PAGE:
The Great Wall, an epic new film from celebrated Chinese director Zhang Yimou, has a very ambitious visual style and massive scale, both on set and in post. In a recent interview with Art of VFX, ILM’s VFX Supervisor Samir Hoon talked about meeting the challenges of the production and how communication worked between the various vendors spread across the world.
From Art of VFX:
How did you and ILM get involved on this show?
ILM was contacted by Legendary in early 2014 regarding the project and I met Zhang Yimou at Legendary Studios, in LA, later that year. This followed rounds of bidding and conversations around methodology given the extent of VFX work in the movie.
How was the collaboration with director Zhang Yimou and the studio-side VFX Supervisor Phil Brennan?
Zhang Yimou is incredibly visual and creative. It was an honor to work with him, he loves epic scale and saturated colors. Since he is most comfortable conversing in Mandarin, all conversations went through his translator but often, his animated style needed no translation. Earning his trust and helping him realize his vision was our goal. After principal photography wrapped in China, director Zhang Yimou and Phil Brennan were based in LA for post. Being 15 hours ahead in Singapore, we would send material our end of day and have daily cineSync reviews the following mornings with Phil, who, would have reviewed the shots with Zhang and gotten his feedback. Overall, the process was very collaborative and both Phil and Zhang were always open to ideas and suggestions.
What was their approach to the visual effects?
Zhang was clear he was making a fantasy film with monsters and heroes, a Chinese legend set in a world filled with elements of old Chinese culture, surrounded by elite warriors, beautiful landscapes and bloodthirsty monsters. Lots of them. Most action sequences were pre and postviz’d by The Third Floor to help support the shoot, the story and editorial cut.
Our main “Wall” set, named “low wall”, was built on the Wanda Studios backlot in Qingdao and was a 100 meter section of the top part of the wall. Around the Wall set we had shipping containers stacked 3 high, onto which green screen was draped. There were also 5-6 heavy excavators with 30×20 foot green screens that could be driven and moved around to help cover areas. It was an all outdoors, massive green screen setup and we faced all the challenges of being exposed to the the elements, one would expect. The Wall set, could fit about 500 extras in costume and it was usually when the cameras went up, we’d realize, we needed more green screen on the ground or objects like crane arms with lights, were visible in frame between actors and the container green screen. If Phil and I felt we needed to fix it, we’d discuss with Stuart Dryburgh (DP) and ZY and get it sorted. We kept our footprint to a minimal but also tried to make sure we got what we needed. The entire crew on set was great and very co-operative knowing what a challenging job lay ahead for VFX.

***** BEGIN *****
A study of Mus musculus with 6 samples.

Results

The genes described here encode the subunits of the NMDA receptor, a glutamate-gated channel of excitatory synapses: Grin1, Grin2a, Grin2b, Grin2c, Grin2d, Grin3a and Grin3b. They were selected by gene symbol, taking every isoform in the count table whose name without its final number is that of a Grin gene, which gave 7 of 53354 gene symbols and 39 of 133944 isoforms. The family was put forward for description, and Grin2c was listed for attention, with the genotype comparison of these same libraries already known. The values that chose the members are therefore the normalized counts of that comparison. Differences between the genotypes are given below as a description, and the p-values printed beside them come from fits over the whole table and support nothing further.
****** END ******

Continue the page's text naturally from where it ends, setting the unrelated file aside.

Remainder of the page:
How did you organize the work amongst the ILM offices and vendors?
We split the work based on types of shots across the various sequences between ILM Singapore and our vendor partners. ILM Singapore did most of shots involving Tao Tei animation and creature crowd work. We established the Wall and the “environment look” and shared these massive assets with BaseFX in Beijing, supervised by Jay Mehta and Hybride in Montreal, supervised by Joseph Kasparian. Animal Logic, supervised by Andy Brown, helped out with balloon shots over the city of Bianliang and ILM San Francisco, supervised by Hayden Landis, helped with shots approaching Bianliang. Ghost, supervised by Jacob Borsting, also helped with shots in the balloon takeoff sequence.
Ben Snow and I split the Singapore work, and Ben also supervised BaseFX while I managed the work from Animal Logic, Hybride, ILM San Francisco and Ghost. Whilst I was on-set for 5-months, Jeff Capagreco, VFX Supervisor, helped with asset development and set the foundations with BaseFX, Hybride & Ghost.
Can you describe a typical day during shooting and during the post?
Typically, we’d get in before crew call, look over the set for markers or green screen repairs, go over the scenes for the day, with our on set VFX team and ready our equipment. Zhang Yimou would arrive at call time, walk the set, go over the plan with the AD, DP, camera dept, Stunts, SFX, VFX etc. and off we’d go. At the end of the day, the HOD’s along with Zhang Yimou would stay back and go over the next day’s shoot schedule, review any pre-viz and plan and discuss each dept’s needs.
When two units were shooting, Phil and I split up and I went with George Ruge, second unit director, to the province of Gansu to shoot the opening sequences of the movie. The location, was a 2.5 hour drive, each way, followed by a 10-12 hour shoot day in the hot, dusty desert environment, so the days were long but the locations at Zhangye Danxia and Yadan geological park were spectacular.
During post, a large part of the time was spent reviewing work dark review rooms. We’d start with cineSync with LA in the morning, followed by internal shot reviews throughout the day, followed by reviews with BaseFX, Animal Logic and Ghost in early evening and ending with Hybride later in the evening.
The rest of the article is available at Art of VFX and as always, is well worth a read!